Opportunity occupations: Joining the workforce


Fed Communities Staff


Jaime Pearson, truck scales administrator, North Star BlueScope Steel

So, on my commute, I love to listen to music. I will listen to all kinds of different music and that helps me pass the time because it takes about 25 to 30 minutes to get here. Depends on how fast I go. But you know, always within the speed limit. Always. We are at the truck scale at North Star BlueScope Steel. We are dealing with every truck that comes into the facility and every truck that is leaving. They could be coming in to pick up a coil. They could be bringing in various types of scrap. Or they could be bringing in a delivery. We are like our own little island out here. We’re a little two-story building with scales. Three scales around us. And within this little building we do a lot of different things. We will scale in and out the trucks. We will also answer the telephone. We will talk on three different radios. They can get ahold of us for anything they might need help with, for questions, or just for a little chuckle now and then. [Into speaker, to truck driver] I see it moving now.

Keith Wardrip, community development research manager, Federal Reserve Bank of Philadelphia

So an opportunity occupation is one that does not require a four-year college degree and that typically pays above the national annual median wage of around $38,000, after adjusting for local differences and cost of living.

Gary Thompson, executive vice president and chief operating officer, Regional Growth Partnership

The key to Toledo’s success in nurturing opportunity occupations, I think, is really threefold. One, it’s our educational system. It’s also a confluence of a lot of industry and applications. And thirdly, is really the cost of living in Toledo, Ohio.

Pearson [into speaker]

You’re all set going South 26.

Voice on speaker

Thank you.


I have been employed at North Star for one and a half years. Before working here, I was a stay-at-home mom for 11 years. I did not have a degree. I was worried about that fact. My parents, growing up, they always tried to drive home the fact that if you want a good job and make a nice living and provide for your family, you’re going to need a degree. So, I really didn’t have high hopes for what kind of a job I could get.

Marisa Bergman, human resource team leader, North Star BlueScope Steel

I think the people out there that don’t have bachelor’s degrees don’t know that they have all these opportunities that are out there for them right now. The employers are looking for individuals like them and they just need to kind of start researching.


We studied the employment opportunities in 121 of the largest metropolitan areas in the country, and what we found was that roughly 22 percent of those positions met our definition of opportunity employment.

Coleena Ali, vice president of resident services, Lucas Metropolitan Housing Authority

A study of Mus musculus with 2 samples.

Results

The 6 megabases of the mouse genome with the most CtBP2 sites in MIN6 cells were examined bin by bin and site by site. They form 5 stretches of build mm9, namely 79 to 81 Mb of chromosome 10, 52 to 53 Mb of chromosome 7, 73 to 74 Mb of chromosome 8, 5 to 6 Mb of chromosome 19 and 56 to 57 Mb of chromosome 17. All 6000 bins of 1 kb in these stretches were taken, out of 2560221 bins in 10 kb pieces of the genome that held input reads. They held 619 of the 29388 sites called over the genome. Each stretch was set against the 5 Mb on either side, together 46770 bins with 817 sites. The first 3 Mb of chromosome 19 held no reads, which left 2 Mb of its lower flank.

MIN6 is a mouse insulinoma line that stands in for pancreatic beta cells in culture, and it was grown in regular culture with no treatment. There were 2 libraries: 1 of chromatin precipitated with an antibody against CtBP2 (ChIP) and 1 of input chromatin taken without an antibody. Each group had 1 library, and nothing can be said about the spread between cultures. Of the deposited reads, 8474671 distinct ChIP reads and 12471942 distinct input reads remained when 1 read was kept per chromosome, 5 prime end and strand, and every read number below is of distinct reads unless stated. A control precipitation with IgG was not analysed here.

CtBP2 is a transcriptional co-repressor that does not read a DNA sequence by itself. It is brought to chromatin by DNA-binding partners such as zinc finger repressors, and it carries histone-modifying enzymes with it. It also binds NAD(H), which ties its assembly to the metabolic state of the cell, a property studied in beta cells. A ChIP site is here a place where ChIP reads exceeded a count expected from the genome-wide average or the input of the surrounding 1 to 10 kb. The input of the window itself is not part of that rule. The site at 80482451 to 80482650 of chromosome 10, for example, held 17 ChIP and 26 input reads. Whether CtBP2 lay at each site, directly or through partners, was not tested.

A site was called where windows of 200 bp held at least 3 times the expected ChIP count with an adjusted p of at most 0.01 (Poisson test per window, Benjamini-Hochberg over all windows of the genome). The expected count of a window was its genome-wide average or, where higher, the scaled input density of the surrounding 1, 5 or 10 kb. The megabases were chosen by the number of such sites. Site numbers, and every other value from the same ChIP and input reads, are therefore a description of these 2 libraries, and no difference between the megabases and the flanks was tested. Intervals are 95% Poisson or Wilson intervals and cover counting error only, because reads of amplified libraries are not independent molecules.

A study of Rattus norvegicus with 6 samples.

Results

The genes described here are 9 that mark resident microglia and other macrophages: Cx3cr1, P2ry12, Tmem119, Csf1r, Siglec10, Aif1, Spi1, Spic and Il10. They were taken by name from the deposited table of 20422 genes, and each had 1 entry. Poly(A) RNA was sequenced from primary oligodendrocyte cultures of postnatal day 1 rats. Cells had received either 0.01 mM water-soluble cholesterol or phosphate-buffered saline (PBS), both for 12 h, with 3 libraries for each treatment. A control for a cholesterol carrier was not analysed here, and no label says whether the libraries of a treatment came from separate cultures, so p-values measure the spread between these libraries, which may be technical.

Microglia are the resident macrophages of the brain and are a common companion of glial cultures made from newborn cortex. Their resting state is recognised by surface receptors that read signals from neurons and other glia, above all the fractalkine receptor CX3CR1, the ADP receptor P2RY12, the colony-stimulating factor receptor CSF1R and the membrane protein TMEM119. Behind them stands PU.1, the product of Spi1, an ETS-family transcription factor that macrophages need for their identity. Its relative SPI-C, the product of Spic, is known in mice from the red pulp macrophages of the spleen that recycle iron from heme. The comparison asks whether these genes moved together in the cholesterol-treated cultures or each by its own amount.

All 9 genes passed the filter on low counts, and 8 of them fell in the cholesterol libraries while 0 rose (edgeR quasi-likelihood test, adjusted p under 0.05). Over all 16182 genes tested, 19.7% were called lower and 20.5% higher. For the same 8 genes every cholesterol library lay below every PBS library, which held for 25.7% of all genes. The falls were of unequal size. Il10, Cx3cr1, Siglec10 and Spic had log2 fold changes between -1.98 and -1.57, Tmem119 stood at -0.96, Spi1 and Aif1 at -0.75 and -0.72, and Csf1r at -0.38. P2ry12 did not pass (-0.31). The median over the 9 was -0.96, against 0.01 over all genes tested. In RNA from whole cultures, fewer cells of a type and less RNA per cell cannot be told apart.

So, being able to understand what those jobs are and what additional training may be needed, now it may not be college, it may be short-term training. Some of them may be a little bit longer.


If you talked to me before I started this job, I don’t know what kinds of scrap there were, and I had no idea about alloys and deliveries and where things go. And so I started from ground zero. And I’m still learning. I’ve been here a year and a half and there’s still a lot that I need to learn. I’ve come a long way and I have a longer way to go, but I’m excited to see the progress of it all.


So, in order to be successful in the opportunity occupations, you really have to have a network of folks working together, trusting each other. That network needs to involve local elected officials, county commissioners, state representatives, mayors, city council people. It needs to involve educators at the high school level, at the community college level.


You can no longer operate in a silo. It takes a community, it takes many individuals, many entities to make it work. Because there’s various pieces that really need to be pulled together besides just the availability of a job.


If we don’t understand the economic opportunities that are open to this population, we run the risk of, of not providing decent-paying work for these workers. Also, not providing employers with well-trained workers to fill their open positions.


The things that have changed since I started working: we have caught up on several bills, we no longer have the stress of if we’re able to pay the phone bill, or the light bill, or even the mortgage itself. The threat of losing your home will definitely drive you to seek out a job.


Jaime’s a really great individual and when she came in to interview, we thought, ‘This is a great pick.’ We think that she’s going to add value, she’s going to be a great team player, she’s going to communicate well, she’s going to be a great problem solver. And it’s turned out to be that.


I feel very lucky to have this job. I’m proud to come in each day and work my shifts. And I enjoy doing the paperwork. I enjoy scaling trucks in and out. I enjoy solving problems and helping others out. For those out there with no degree or no real work history, you do not need to come down on yourself and worry that you’re never going to find a good job. There are companies out there that will help you, you just need to find them, and you need to bring the right personality, drive, you need to have that commitment to be there each day and do the best you can do.


It’s not about a thousand jobs for me. It’s about John and Jane Doe who get the jobs and what it means for their lives and the lives of their children.


What success looks like with workforce development, the individual stories are actually much more successful to me than the large numbers, because I don’t know the numbers. I know the people.